Probe of U.S. Mid-east Arms Policy Started, Stand on Israel Indicated


Asked if he was satisfied with the State Department’s “on again-off again” policy toward Saudi Arabia, Rep. Morgan said he was not fully satisfied with the Department’s explanation. He added that he was satisfied that the United States is treating and will treat the Arab states and Israel equally. Asked if he thought the State Department could formulate an equitable arrangement, Rep. Morgan said the State Department would have to answer that.

In its meeting with Mr. Allen today the subcommittee received a general review of the Middle East situation with particular reference to arms shipments to that area. Mr. Allen confined his remarks to shipments that has been made thus far. He deferred any answers as to future shipments until Secretary of State Dulles is consulted. Mr. Dulles will appear before the House Foreign Affairs Committee next week on this issue.

The subcommittee explored with Mr. Allen the possibility of relaxing tension throughout the area. This included the development of the Jordan Valley and other water resources. Mr. Allen said he was “happy to have had the opportunity to appear before the Middle Eastern subcommittee. “He said the meeting was “full, frank and certainly as far as I am concerned, friendly.” Asked whether he discussed the Israel arms application Mr. Allen replied: “You can be sure that every question was thrown out during the three hour meeting.”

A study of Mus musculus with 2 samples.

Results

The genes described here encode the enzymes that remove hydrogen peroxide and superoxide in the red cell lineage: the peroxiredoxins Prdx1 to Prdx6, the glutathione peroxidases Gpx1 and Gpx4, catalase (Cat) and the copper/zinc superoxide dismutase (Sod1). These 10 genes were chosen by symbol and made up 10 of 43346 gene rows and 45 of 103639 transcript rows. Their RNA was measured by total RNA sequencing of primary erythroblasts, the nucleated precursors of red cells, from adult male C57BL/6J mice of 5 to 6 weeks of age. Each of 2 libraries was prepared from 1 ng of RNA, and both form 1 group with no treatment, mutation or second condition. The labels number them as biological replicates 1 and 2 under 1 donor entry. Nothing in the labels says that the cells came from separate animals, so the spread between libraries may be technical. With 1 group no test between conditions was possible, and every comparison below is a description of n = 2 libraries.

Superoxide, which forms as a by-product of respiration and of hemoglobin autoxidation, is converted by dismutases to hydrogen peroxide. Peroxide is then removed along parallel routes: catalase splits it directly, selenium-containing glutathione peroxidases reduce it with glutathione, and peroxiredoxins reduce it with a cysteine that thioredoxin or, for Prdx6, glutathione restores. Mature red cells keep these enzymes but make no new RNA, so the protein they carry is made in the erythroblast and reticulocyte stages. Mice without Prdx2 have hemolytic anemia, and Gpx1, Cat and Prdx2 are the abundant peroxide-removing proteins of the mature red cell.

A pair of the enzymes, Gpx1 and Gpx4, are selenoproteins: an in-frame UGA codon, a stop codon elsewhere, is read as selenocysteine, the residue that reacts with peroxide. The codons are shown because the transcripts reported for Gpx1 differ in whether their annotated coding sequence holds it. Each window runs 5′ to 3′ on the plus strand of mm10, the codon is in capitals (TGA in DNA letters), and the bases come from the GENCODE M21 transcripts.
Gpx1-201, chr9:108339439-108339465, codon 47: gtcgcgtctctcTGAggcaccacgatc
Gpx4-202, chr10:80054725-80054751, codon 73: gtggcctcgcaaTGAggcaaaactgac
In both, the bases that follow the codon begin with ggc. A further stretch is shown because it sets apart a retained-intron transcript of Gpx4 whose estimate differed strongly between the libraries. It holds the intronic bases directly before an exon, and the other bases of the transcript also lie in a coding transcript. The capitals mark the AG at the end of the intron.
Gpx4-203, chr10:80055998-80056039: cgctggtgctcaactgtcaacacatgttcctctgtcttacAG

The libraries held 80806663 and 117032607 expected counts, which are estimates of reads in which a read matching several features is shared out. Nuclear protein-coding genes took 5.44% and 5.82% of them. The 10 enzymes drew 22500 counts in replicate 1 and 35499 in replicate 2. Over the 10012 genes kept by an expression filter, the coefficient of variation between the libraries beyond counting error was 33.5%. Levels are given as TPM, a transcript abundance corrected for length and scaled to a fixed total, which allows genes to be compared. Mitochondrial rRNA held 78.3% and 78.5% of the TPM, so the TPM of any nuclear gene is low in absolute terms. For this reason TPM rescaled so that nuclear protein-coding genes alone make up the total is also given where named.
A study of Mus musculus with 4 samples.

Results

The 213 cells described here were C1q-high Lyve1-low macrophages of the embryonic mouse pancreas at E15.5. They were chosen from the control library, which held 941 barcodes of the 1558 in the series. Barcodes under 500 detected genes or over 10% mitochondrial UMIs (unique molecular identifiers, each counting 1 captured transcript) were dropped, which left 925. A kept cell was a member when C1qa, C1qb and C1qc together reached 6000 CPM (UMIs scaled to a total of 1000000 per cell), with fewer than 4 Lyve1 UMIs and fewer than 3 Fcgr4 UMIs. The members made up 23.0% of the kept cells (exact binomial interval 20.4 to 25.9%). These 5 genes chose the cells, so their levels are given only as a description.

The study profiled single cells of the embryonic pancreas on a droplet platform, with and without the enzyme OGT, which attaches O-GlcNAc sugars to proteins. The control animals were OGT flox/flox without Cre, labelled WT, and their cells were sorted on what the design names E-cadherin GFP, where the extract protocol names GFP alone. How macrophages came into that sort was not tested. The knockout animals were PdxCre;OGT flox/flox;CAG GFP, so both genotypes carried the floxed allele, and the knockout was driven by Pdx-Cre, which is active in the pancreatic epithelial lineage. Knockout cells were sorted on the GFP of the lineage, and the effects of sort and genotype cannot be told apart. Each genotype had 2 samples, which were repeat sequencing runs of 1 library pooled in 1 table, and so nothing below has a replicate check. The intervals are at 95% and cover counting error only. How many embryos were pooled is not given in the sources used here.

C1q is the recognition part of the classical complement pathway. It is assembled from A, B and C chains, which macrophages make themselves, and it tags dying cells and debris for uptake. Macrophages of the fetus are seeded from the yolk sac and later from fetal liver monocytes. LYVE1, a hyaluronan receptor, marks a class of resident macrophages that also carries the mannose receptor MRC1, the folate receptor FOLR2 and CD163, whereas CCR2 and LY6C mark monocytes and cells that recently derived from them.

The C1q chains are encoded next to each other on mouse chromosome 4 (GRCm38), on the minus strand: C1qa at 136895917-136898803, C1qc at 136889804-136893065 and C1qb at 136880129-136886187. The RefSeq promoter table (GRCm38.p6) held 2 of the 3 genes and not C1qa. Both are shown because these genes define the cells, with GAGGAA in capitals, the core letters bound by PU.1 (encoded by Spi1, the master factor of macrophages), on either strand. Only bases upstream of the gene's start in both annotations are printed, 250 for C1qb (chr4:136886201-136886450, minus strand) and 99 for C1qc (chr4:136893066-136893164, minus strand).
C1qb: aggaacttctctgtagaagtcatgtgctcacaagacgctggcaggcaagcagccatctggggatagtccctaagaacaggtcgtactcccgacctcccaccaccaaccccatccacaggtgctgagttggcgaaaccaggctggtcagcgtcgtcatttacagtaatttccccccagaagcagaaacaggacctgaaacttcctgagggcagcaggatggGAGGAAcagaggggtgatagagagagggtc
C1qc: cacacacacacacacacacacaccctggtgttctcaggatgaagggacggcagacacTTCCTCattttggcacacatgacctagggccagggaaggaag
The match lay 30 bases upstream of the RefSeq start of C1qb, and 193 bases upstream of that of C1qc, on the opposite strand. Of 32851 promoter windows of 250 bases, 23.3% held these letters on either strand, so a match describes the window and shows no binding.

Secretary of State Dulles will appear Friday before the Senate Foreign Relations Committee in response to its demand that he explain the Saudi Arabian tank deal. On Sunday afternoon Mr. Dulles will deliver a 30-minute policy speech for the Philadelphia Bulletin Forum on the Middle East arms situation. Under Secretary of State Herbert Hoover Jr., will also appear before the Senate committee on Friday.

It was learned, meanwhile, that six B-26 four-engine bombers have already been shipped to Saudi Arabia. Lincoln White, State Department press officer, disclosed today that a number of applications for arms for the Middle East have been approved but have not yet gone out. He said, however, that these came within the $16,000,000 figure cited in the State Department’s statement last week.

Mr. White said the State Department had no answer to Israel’s request for arms and this was the status of the matter. He stated he had no information on Israel’s supplementary request of last December for naval equipment, principally anti-sub marine equipment, and added that he did not know whether a reply to Israel on arms could be expected soon.